My declared major started as nutrition science and now it is interdisciplinary public health which is a social science major. I would say my field understands evolution and human variability exactly as it is described in this class. My introductory chemistry class touched just briefly on it and the origins of life. My introductory anthropology class we watched a movie on genetic diversity and how race is a biologically invalid concept when what we are discussing is really phenotypes (race as it is used today is a cultural construct). My first biology class delved into this subject and at least a third of the class material involved attempting to understand the mechanisms of genetics. I think this class builds upon all of those previous classes and I was quite interested to know more about the intergenerational effects of epigenetics from our week two material.
As far as evolution this week’s material was reinforcement of information I have already been instructed on. However this week’s material gave me a slightly new perspective on human variability. I thought it was interesting to think about geographic information being imprinted on your genes so a person can see where their relatives lived and migrated from like the migration map of all our ancestors on that National Geographic page. That interested me thinking about how disease risk and diseases suffered by people’s family may be playing a risk factor in their current health by leaving a mark on their genetics. It made me think of nurturing childhoods or neglectful parents and what health risks that may have left on their genes expressing as inability to handle stress, lowered social engagement, or predisposition to diseases triggered by extreme stress on the body like stroke or heart attack.
It made me laugh to think how spectacularly less useful mapping the human genome was than we thought it was going to be, as far as understanding human function and patterns of disease. The material helped to remind me that epigenetics is a new science and has yet to pay off on it’s promise of understanding an individual’s genome and providing specific, actionable interventions to improve the health of patients today. I can feel the pressure in the nutrition/health sector for epigenetics to be the most advanced form of biohacking yet invented. People want to be provided with an individually tailored simple and clear blueprint to a healthy, functioning body, but the science to understand and do that does not yet exist, and I don’t think it helps anyone to pretend that it does or is ready to do so. It seems important to discuss with such patients having more realistic expectations of what epigenetics can and can’t do and how that relates to lifestyle modification they can make today.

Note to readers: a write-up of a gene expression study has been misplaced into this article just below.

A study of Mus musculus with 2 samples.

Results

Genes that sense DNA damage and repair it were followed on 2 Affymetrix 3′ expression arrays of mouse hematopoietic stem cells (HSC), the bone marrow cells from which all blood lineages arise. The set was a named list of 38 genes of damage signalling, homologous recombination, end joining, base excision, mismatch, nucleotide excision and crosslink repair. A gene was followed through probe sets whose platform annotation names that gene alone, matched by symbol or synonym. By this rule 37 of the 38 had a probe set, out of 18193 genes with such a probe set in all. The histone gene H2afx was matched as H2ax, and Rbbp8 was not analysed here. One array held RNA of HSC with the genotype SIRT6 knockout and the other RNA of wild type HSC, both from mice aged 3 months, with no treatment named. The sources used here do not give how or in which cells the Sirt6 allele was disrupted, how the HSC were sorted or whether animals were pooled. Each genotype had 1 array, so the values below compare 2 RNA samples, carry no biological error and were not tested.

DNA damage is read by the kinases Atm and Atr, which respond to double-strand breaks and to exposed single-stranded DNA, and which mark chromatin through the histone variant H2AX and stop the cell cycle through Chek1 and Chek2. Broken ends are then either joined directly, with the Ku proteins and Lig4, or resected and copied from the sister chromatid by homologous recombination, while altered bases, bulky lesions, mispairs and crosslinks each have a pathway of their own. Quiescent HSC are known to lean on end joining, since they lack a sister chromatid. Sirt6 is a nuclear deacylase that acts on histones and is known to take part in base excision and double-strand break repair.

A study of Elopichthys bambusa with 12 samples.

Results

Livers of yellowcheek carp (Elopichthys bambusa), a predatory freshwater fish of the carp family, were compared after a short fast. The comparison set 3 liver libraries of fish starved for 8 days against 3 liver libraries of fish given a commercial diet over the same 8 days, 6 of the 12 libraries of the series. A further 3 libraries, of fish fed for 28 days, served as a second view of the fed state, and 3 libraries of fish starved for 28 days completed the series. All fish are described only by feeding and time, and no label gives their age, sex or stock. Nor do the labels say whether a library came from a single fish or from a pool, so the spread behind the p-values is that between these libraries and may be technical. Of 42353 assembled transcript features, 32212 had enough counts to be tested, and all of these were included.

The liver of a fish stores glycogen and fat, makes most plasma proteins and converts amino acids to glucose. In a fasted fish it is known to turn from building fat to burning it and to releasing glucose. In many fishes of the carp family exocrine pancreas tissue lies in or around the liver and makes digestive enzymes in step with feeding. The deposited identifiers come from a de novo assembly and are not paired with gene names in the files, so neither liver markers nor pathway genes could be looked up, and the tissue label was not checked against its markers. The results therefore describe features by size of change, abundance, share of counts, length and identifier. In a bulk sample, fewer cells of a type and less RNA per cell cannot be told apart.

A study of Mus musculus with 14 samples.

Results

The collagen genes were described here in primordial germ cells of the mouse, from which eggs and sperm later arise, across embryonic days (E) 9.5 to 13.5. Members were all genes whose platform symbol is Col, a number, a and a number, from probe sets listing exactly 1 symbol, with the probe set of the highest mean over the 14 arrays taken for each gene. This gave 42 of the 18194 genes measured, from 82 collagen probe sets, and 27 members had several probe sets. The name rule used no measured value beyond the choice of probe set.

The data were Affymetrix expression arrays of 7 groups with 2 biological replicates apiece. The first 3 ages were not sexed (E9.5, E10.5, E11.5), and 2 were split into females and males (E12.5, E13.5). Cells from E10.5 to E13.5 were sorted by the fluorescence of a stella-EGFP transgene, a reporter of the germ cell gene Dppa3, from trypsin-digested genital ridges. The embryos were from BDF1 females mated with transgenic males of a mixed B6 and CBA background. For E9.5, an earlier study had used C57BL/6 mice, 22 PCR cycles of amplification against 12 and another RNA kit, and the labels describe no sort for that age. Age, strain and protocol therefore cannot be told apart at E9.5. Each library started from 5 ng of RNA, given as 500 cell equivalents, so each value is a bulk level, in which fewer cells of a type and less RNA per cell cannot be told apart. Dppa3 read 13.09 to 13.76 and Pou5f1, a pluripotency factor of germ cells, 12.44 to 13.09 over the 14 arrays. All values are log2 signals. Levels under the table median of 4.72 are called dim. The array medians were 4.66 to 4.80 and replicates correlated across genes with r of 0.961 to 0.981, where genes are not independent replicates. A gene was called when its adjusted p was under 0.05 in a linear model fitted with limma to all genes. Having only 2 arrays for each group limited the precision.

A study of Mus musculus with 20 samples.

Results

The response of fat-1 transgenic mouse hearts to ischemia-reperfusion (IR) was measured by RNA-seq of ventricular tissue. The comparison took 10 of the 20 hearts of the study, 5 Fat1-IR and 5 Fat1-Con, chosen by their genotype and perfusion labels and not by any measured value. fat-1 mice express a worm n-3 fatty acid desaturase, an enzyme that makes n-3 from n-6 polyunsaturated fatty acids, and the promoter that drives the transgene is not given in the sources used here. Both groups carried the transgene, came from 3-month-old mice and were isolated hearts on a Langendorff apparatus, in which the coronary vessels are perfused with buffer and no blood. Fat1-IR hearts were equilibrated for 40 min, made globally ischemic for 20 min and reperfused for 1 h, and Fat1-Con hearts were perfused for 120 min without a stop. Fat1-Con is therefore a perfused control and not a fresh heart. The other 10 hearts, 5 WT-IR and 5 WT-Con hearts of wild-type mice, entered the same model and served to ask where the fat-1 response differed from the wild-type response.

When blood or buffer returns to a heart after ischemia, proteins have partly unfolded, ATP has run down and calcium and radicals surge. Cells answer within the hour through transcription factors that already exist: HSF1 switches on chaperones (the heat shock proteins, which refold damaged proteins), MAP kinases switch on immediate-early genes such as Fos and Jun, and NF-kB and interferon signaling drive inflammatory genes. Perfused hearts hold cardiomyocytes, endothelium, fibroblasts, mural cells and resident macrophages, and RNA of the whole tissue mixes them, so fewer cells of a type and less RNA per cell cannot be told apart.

I think the most fascinating moment for me was the video where they were talking about how what/when your grandparents were under/over-fed is imprinted in your genes. It was so interesting to think that at different points in the lives of your grandfather or grandmother you can see in your genes how their diet affects your health now, it reminds me of reading tree rings to see the past of a tree but the rings are in our genes from a lifetime we didn’t even live, mind blow!